Tag: And Then There Were None

Agatha Christie – Appointment with Death | Review

Title: Appointment with Death

Author: Agatha Christie

Type: Fiction

Page Count/Review Word Count: 266

Rating: 3/5

 

 

This one was a little bit of a disappointment, and it’s the first Agatha Christie novel that I’ve read for a while that I haven’t particularly enjoyed. I think part of the reason for that is the pacing. The first half of the book was dedicated to the setup, despite the fact that it’s pretty clear who’s going to die.

It’s also hard to care too much about the murder victim because she’s deliberately written as an unpleasant old hag. In fact, the ending of the book is a cliché too – once the murderer has been revealed, they commit suicide, and then a newspaper report is printed saying that it was an accidental death because the gun went off by accident while they were cleaning it. It feels like that happens surprisingly often, and I get kind of annoyed when Poirot et. al just allow the truth of the case to be swept under the carpet.

Still, there are also some redeeming features, and even a less enjoyable Agatha Christie novel is better than most other books. I just don’t think this is one that I’d come back to and re-read in a hurry when there are so many other great Agatha Christie books on the market. If you’re looking for somewhere to start, I’d suggest And Then There Were None or Death on the Nile. Although I did at least like the archaeological elements of this story, It just didn’t grip me.

 

British writer of crime and detective fiction, Dame Agatha Christie (1891 – 1976). (Photo by Walter Bird/Getty Images)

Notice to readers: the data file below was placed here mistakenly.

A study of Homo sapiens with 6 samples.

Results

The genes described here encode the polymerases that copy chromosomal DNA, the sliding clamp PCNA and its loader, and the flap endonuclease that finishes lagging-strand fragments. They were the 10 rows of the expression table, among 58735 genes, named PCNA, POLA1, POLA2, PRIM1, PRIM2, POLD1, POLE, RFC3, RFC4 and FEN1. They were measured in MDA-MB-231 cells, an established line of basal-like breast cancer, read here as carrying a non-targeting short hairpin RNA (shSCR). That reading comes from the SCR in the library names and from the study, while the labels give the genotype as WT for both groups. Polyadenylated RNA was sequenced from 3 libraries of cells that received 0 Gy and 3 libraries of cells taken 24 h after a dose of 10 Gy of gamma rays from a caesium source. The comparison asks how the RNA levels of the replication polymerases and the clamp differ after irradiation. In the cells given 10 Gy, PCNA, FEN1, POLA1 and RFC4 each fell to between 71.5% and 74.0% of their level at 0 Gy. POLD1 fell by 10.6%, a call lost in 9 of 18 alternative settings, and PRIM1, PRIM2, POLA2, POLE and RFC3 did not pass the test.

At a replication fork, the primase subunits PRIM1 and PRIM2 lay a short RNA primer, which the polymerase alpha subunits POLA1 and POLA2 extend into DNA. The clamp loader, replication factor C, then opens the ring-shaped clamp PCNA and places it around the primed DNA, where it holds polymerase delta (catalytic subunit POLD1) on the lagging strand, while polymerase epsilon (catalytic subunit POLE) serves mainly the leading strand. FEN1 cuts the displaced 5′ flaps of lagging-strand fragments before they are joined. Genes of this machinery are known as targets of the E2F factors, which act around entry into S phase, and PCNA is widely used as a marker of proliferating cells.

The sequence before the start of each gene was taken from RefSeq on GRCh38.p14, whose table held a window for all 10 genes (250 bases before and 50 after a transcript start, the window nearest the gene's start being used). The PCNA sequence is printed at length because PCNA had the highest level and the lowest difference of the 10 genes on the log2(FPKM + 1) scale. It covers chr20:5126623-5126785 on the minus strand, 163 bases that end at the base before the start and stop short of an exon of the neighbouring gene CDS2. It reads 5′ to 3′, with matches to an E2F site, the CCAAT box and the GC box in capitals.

Click here to buy Appointment with Death.

 


Agatha Christie – Murder on the Orient Express | Review

Title: Murder on the Orient Express

Author: Agatha Christie

Type: Fiction

Page Count/Review Word Count: 352

Rating: 4/5

 

 

I’m not really sure how it took me so long to get to this. After all, Agatha Christie is one of my favourite (and most read) authors, and this is one of her most famous books. And it’s not as though there’s some specific reason behind me not getting to it. It’s just that I generally get my Agatha Christie books from charity shops, and it took me a while to find a copy of this one. I thought that after the movie came out they’d be all over the place, but nope!

As for the story itself, it’s not my favourite of hers but I do think it’s pretty representative of her work and her writing style. If you’re new to her, I can see why it would be a good introduction, and that might be why it’s so popular in the first place. People tend to look back fondly on their first Christie, and that also tends to be the one that they recommend to other people.

In this one, Hercule Poirot investigates a murder that occurs on the Orient Express while he and his fellow passengers are all stuck in the snow. In that respect, it’s a little bit like And Then There Were None in that we know that someone on board the train committed the crime and they’re all isolated there together. I figured out the solution before the big reveal, but I’m not sure whether that’s just because I’ve read so many Christie books that I know how her mind works or even because it’s such a part of pop culture now that I’ve seen a spoiler.

All in all, I can see why this book receives the praise that it does, but I also don’t think it’s the first Christie book that I’d suggest if people asked for a recommendation. My favourite is Death on the Nile, but I’d suggest And Then There Were None for your first.

 

 

Click here to buy Murder on the Orient Express.